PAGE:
Last week I was going to address what I called one of my first days/weekends of normalcy since Hurricane Harvey, the COVID-19 pandemic, the big freeze, and our big rain event, but it was the week before the 20th anniversary of 9/11, so that obviously took precedent.
Two weekends ago was the first full weekend, since COVID-19 reared its ugly head, in which college football stadiums were filled to capacity.
I didn’t receive my photo credentials for Texas A&M home football games this year, due to SEC (COVID) restrictions regarding the number of press folks allowed on the sidelines, but it was still great, mentally, to see full stadiums once again.
If you’re a sports fan of any kind, you know all about the cancellation of complete seasons in 2020, or severely limited capacity in stadiums.
Who will every forget the cardboard fans with piped in crowd noise.
That had to be for the players, because on TV it just looked goofy.
The impact of empty stadiums on players was huge, with many of them the focus of interviews about what it was like playing in front of a full stadium again.
Every second year college athlete experienced a true game day atmosphere for the first time, and many of them looked like they had hit the field for the first time … due to crowd impact.
I gave my wife a week’s notice that I had an appointment with my recliner and television, which would last all day Saturday, Sept. 4, and well into the night just in case I wanted to catch the games played on the west coast.
I basked in the normalcy of it all.
This past weekend I did something else I used to always do.
I played golf.
I joined a friend of mine for the Member/Member Tournament at Rockport Country Club.
In another sign of normalcy, we finished dead *** last in our flight, after narrowly securing the coveted second-to-last position after Saturday’s first round.
That, too, was another sign of normalcy!
After the first round I ran home to catch my Aggies on TV. They were playing Colorado, but the game didn’t air until after the Ohio State vs. Oregon game, because Oregon was about to pull off a big upset on the road.
By the time my game hit the tube, our starting quarterback was knocked out of the game with a leg injury, and his replacement, who hadn’t played a down in a real game since 2019, was not doing well.
Another sign of normalcy.
In the end, however, my Aggies pulled out the miracle win. I’ve watched a lot of Aggie football in my life, and I’ve never seen a game in which literally everything went wrong, but we still managed to win.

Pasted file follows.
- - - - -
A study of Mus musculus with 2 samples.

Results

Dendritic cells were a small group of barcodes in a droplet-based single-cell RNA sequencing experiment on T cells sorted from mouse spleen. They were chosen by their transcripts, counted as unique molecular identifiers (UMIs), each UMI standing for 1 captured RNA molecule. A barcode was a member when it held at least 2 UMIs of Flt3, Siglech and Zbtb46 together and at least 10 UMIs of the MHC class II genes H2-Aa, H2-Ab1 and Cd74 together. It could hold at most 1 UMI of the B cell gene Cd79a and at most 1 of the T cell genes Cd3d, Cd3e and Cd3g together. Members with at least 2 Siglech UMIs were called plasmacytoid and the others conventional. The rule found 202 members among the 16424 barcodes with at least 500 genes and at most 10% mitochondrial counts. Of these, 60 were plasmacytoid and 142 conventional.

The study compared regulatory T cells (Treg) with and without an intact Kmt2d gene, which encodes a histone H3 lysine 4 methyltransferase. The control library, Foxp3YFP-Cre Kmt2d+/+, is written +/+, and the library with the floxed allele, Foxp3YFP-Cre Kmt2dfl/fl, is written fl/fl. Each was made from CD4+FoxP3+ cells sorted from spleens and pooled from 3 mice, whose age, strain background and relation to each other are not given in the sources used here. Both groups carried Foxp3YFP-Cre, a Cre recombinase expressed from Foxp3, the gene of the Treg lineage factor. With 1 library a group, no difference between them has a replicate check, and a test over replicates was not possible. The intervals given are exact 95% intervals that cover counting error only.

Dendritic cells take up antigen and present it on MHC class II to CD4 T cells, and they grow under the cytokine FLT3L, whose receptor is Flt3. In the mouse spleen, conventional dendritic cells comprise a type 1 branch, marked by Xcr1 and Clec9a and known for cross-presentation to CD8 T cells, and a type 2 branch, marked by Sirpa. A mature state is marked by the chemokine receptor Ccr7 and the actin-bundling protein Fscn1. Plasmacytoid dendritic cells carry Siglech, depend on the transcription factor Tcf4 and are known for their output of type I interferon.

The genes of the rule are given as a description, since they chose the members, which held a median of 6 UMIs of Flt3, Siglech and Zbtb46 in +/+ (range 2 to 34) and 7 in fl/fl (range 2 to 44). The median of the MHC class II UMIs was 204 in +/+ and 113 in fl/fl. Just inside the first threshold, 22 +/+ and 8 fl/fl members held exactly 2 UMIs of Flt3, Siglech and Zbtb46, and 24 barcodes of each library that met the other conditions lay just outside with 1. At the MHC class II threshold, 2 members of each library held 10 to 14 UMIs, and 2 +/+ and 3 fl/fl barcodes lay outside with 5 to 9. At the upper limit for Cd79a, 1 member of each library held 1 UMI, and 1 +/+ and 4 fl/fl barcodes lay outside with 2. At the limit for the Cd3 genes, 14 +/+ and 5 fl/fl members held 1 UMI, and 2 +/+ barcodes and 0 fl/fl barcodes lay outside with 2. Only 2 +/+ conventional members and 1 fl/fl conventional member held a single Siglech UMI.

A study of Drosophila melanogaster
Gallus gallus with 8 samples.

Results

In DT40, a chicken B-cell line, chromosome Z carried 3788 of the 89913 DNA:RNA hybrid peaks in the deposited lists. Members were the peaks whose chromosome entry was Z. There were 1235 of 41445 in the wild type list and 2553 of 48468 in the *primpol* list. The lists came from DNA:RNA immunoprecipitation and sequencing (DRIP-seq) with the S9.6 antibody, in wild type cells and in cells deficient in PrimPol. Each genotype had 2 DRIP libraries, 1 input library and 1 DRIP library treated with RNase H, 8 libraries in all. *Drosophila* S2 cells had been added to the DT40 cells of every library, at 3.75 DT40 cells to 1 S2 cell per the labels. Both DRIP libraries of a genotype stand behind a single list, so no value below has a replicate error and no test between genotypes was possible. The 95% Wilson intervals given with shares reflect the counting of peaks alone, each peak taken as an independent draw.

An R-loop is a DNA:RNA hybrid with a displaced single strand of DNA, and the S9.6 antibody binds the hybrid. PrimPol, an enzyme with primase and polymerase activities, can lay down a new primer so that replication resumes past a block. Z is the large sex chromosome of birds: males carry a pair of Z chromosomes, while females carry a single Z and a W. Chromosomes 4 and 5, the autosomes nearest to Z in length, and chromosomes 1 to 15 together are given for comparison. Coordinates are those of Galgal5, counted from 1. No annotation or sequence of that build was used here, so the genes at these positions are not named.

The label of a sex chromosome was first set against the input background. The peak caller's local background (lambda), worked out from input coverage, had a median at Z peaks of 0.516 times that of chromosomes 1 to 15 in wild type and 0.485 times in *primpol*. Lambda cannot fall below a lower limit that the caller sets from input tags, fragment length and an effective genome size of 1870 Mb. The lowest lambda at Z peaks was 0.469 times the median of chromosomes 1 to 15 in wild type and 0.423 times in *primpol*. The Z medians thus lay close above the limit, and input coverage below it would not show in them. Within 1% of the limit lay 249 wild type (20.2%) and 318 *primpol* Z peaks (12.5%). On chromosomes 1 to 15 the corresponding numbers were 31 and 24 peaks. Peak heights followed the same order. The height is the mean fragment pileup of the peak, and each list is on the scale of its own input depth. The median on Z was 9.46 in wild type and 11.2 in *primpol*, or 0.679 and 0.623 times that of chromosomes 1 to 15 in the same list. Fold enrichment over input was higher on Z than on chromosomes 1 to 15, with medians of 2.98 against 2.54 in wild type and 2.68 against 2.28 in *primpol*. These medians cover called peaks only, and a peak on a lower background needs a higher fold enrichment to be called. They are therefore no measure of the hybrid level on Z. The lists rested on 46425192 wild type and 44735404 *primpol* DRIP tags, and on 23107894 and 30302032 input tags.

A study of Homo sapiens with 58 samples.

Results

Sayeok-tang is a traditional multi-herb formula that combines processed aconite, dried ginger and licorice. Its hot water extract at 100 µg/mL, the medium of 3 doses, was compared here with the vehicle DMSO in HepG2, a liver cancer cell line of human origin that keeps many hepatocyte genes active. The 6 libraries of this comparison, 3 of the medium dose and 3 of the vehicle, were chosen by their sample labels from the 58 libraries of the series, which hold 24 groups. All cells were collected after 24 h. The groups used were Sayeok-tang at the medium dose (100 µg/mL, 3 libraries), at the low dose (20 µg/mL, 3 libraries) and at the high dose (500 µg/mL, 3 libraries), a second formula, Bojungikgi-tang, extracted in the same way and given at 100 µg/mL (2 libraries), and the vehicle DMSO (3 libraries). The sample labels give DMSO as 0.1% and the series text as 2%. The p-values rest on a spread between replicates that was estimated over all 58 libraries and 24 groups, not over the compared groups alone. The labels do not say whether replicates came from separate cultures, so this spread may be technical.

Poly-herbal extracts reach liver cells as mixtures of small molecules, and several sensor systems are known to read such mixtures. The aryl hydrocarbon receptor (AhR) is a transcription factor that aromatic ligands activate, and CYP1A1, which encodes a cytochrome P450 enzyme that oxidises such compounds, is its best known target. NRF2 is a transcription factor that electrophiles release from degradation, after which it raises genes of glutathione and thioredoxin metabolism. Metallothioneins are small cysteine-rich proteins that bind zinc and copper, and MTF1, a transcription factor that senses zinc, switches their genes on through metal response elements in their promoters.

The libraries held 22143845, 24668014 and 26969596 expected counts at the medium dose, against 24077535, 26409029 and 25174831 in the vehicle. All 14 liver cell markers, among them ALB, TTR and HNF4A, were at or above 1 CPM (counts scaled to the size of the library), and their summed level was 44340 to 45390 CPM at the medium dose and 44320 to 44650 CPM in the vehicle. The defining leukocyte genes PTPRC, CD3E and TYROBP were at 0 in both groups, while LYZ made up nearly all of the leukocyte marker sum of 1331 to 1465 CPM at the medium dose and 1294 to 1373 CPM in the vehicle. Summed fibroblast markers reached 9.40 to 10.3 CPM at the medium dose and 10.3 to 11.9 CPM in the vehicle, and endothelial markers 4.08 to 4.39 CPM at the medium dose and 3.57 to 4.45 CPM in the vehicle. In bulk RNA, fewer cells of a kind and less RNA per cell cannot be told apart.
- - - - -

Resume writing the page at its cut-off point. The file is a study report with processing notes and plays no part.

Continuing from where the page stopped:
Hopefully that’s a new trend in Aggie football, replacing what was once normal.
Saturday night I took in Rockport Little Theatre’s (RLT) production of M*A*S*H in the RLT’s new home in downtown Rockport.
My wife and I enjoy RLT productions, so that, too, was a little bit of normalcy.
Early Sunday morning I took my wife to the Corpus Christi airport to catch a three-leg (Corpus Christi to Dallas to Amarillo) flight.
As she was soaring through the air, finally coming to rest for a multi-hour layover in Dallas, and as I was rising to golf greatness in the second round of the golf tournament, albeit half asleep, the tropics decided to heat up.
I called my wife to talk about the weather, and after a brief discussion, prior to my nap, she made the decision to cancel her meeting in Amarillo, dropped the Dallas to Amarillo leg of her flight, and booked a return flight to Corpus Christi Sunday night.
Instead of picking her up Monday night, I ran back across the Harbor Bridge for the pick up Sunday night.
The good news is she was able to meet up with our oldest daughter and two of the three Frisco grandchildren for lunch at an Italian restaurant in Dallas.
The abrupt change in plans worked out well because our oldest daughter celebrates her birthday Sept. 15 (this edition’s publication date).
On the return trip, my wife had another long layover at Houston Hobby, which is one of the biggest negatives of flying in and out of Corpus Christi. Unfortunately, on such short notice, another meal, but this time with our youngest daughter (and Galveston grandchildren), didn’t work out.
That would have been a story to tell later in life:
“Remember the day Nani flew to Dallas and Houston in one day just to eat a meal with you?”
My wife spent 15 hours either in an airplane, at an airport, or in an Italian restaurant Saturday afternoon, but spending unscheduled time with one daughter, and two grandchildren, made the cancelled and rerouted business trip worthwhile.
When I picked her up at the airport Sunday night I asked, “Are those the same clothes you were wearing when I dropped you off at the airport?”
Not funny, apparently!
I’m now sitting in my office late at Sunday night pounding away at my keyboard, getting as much work done as possible before Tropical Storm Nicholas (or possibly Hurricane Nicholas) drops by.
I hope dodging hurricanes doesn’t become the norm. I’m ready for another 47-year break between hurricanes (Celia in 1970, Harvey in 2017).
With us living in Rockport, and youngest daughter and family in Galveston, any storm that threatens the Texas coast has a high probability of affecting one of our families.
I’ll never understand why, but I thought about that while standing in a sand trap last weekend.
Until next week, have a good week!
Mike Probst can be reached at firstname.lastname@example.org.